In Indiana, Trump's Supporters Remain Loyal Despite Legal Troubles President Trump held a campaign rally Thursday in Indiana, a state that he won big in 2016. Has support there among GOP voters changed after recent legal developments involving former Trump aides?

In Indiana, Trump's Supporters Remain Loyal Despite Legal Troubles

In Indiana, Trump's Supporters Remain Loyal Despite Legal Troubles



For President Trump, the end of August has been intense. There was the verdict in the tax and bank fraud trial of his former campaign chairman Paul Manafort - guilty on eight felony counts. It was the first trial stemming from the Russia investigation. In another court the same day, his former lawyer Michael Cohen pleaded guilty to campaign finance violations and implicated the president. And then Trump was heavily criticized for his muted response to the death of Republican Senator John McCain. But for the president's loyal supporters in Evansville, Ind., another week of controversial stories has not made much of an impression, as NPR's Sarah McCammon reports.

SARAH MCCAMMON, BYLINE: At a campaign rally in a crowded arena last night, President Trump returned to what's becoming a familiar attack on the nation's top law enforcement officials.


PRESIDENT DONALD TRUMP: Our Justice Department and our FBI have to start doing their job and doing it right and doing it now.

MCCAMMON: He didn't mention special counsel Robert Mueller, who's investigating Russian interference in the 2016 election, but he threatened to get involved if officials don't straighten things out, as he put it.


TRUMP: What's happening is a disgrace.

MCCAMMON: That message seems to be getting through to Republican voters here.

UNIDENTIFIED PERSON: Do you need to see a menu, hon?

MCCAMMON: At the Pie Pan Restaurant in Evansville, 58-year-old Derek Smith was wearing a Team Deplorable button in honor of Trump's impending visit. He thinks Paul Manafort and Michael Cohen have been singled out by investigators.

DEREK SMITH: Just because they're associated with Trump.

MCCAMMON: Smith likes everything Trump is doing - cutting taxes, pushing for a border wall. And he doesn't think much of the Russia probe. If someone spent months investigating you or me, Smith says, they'd dig up something.

SMITH: I'm sure they would find things in my life that I wouldn't be too happy about them writing about. But all in all, it doesn't amount to a hill of beans. I'm only interested in what he's done for the country.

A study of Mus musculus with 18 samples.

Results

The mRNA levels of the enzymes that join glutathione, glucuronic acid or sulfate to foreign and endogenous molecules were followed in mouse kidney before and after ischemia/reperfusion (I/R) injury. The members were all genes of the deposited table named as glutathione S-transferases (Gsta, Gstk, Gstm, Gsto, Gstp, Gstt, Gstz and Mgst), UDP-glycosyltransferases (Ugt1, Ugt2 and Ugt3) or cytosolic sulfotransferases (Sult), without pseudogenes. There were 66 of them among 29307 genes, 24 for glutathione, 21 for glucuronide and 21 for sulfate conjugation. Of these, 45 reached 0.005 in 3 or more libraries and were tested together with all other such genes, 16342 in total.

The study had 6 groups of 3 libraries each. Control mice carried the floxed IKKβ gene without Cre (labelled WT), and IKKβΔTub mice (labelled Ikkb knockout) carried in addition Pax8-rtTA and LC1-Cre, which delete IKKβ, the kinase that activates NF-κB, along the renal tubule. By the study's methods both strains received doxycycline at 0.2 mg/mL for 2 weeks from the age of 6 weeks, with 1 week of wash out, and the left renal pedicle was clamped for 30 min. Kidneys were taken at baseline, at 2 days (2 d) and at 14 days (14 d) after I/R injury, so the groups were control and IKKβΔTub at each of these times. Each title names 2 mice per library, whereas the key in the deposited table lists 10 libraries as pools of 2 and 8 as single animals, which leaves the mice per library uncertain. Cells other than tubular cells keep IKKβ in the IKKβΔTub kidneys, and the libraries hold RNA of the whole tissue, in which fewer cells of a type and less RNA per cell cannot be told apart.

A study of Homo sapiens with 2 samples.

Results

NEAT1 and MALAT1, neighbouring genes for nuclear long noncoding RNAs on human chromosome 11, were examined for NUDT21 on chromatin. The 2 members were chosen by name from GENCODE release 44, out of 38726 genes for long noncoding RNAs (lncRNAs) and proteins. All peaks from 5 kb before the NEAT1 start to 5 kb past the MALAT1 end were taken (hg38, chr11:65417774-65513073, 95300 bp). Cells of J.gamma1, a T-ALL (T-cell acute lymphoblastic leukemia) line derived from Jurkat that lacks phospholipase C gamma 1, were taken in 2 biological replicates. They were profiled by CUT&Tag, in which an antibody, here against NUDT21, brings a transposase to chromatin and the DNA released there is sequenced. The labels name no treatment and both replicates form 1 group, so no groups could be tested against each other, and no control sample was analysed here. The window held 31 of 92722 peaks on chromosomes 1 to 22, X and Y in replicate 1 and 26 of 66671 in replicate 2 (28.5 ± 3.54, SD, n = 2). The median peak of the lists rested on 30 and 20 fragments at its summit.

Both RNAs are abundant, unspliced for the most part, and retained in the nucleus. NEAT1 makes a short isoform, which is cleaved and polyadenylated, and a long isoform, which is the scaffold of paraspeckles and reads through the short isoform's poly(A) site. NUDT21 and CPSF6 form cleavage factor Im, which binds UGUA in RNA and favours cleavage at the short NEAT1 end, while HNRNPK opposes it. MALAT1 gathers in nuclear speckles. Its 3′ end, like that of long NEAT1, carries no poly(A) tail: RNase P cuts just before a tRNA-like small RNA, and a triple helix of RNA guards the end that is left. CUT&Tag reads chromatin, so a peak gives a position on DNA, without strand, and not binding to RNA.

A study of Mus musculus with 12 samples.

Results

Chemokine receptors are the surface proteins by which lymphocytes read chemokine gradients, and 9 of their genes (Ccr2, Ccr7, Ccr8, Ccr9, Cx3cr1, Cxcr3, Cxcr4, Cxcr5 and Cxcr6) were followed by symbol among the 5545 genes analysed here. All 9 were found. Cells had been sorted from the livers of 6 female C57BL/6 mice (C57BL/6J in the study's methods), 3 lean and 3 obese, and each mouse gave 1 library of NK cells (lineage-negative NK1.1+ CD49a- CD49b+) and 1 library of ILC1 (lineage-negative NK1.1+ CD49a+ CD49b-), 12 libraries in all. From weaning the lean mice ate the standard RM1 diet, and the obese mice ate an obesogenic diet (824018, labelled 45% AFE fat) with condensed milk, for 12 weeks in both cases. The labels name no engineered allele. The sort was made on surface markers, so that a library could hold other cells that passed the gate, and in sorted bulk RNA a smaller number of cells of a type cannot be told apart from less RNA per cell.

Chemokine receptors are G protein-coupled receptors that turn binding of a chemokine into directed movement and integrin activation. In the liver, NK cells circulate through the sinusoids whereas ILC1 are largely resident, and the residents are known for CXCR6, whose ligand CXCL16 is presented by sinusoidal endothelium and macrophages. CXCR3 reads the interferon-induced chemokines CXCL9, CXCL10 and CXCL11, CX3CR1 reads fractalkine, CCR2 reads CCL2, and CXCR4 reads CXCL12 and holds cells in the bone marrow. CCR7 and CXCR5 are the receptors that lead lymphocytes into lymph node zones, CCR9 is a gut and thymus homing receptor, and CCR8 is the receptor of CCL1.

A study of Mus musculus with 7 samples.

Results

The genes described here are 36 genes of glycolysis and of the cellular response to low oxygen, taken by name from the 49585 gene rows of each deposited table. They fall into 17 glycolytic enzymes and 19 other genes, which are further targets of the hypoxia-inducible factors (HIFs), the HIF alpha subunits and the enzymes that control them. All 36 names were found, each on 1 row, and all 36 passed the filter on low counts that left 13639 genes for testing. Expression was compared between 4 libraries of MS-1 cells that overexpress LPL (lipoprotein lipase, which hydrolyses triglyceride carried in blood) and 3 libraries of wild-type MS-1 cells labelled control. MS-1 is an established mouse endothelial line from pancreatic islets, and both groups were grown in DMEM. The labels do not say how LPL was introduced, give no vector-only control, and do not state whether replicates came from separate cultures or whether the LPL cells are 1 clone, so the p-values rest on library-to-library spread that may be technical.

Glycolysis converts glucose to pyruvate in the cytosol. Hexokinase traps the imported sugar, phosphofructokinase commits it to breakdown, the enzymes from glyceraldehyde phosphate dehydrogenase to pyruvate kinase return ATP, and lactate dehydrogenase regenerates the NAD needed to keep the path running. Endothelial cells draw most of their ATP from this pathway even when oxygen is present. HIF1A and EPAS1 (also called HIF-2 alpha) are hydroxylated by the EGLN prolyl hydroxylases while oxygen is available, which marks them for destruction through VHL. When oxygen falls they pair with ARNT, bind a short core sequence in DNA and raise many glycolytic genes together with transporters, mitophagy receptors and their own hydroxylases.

MCCAMMON: I'm guessing you haven't paid hush money to anybody, though.

SMITH: Well, not yet. I wish I had a reason to (laughter).

MCCAMMON: Around the corner, Margaret Effinger was eating breakfast with her sister-in-law. The 77-year-old also likes Trump's immigration policies and says he's being unfairly scrutinized.

MARGARET EFFINGER: I think it's like he says. It's a witch hunt - maybe. But I just think it's gone on for so long that it needs to be gone.

MCCAMMON: Across town at the Vanderburgh County Republican headquarters, Kevin Harrison was getting ready to carpool over to the Trump rally with friends. Harrison is a retiree who volunteers with the local GOP. He says the Russia investigation is a fishing expedition.

KEVIN HARRISON: I personally think it's just a lot of white noise.

MCCAMMON: Harrison likes Trump's combative approach to trade, and he's solidly behind the president.

HARRISON: I didn't vote for chief Boy Scout. I voted for someone to run my country and to be the leader of the free world and to do what I think is important. Do I care about all this other little peripheral stuff? Means absolutely nothing to me and a whole lot of people just like me.

MCCAMMON: Polls suggest a lot of Republican voters are skeptical of the Russia investigation, but a clear majority of Americans support Mueller according to a new Washington Post-ABC News poll. On another issue, Trump's response to Senator John McCain's death, Harrison says he would have liked to have heard a few more words from the president. But Harrison didn't pay much attention to the controversy, including the part where the White House temporarily raised its American flag to full-staff before lowering it again in McCain's honor. Harrison says the flag at his house is still down.

HARRISON: I just knew myself that whenever he had died, instead of waiting to see whether the flag should go up or down, I went ahead and put it at half-staff.

MCCAMMON: Trump visited Evansville on a day when flags around the city, at an American Legion and a local grocery store were still at half-staff. Trump often takes rhetorical shots at McCain. But as he rallied supporters in the hours after a memorial service was held for McCain, Trump said nothing about the senator. Instead he focused his attacks on those who are still living and investigating his allies. Sarah McCammon, NPR News, Evansville, Ind.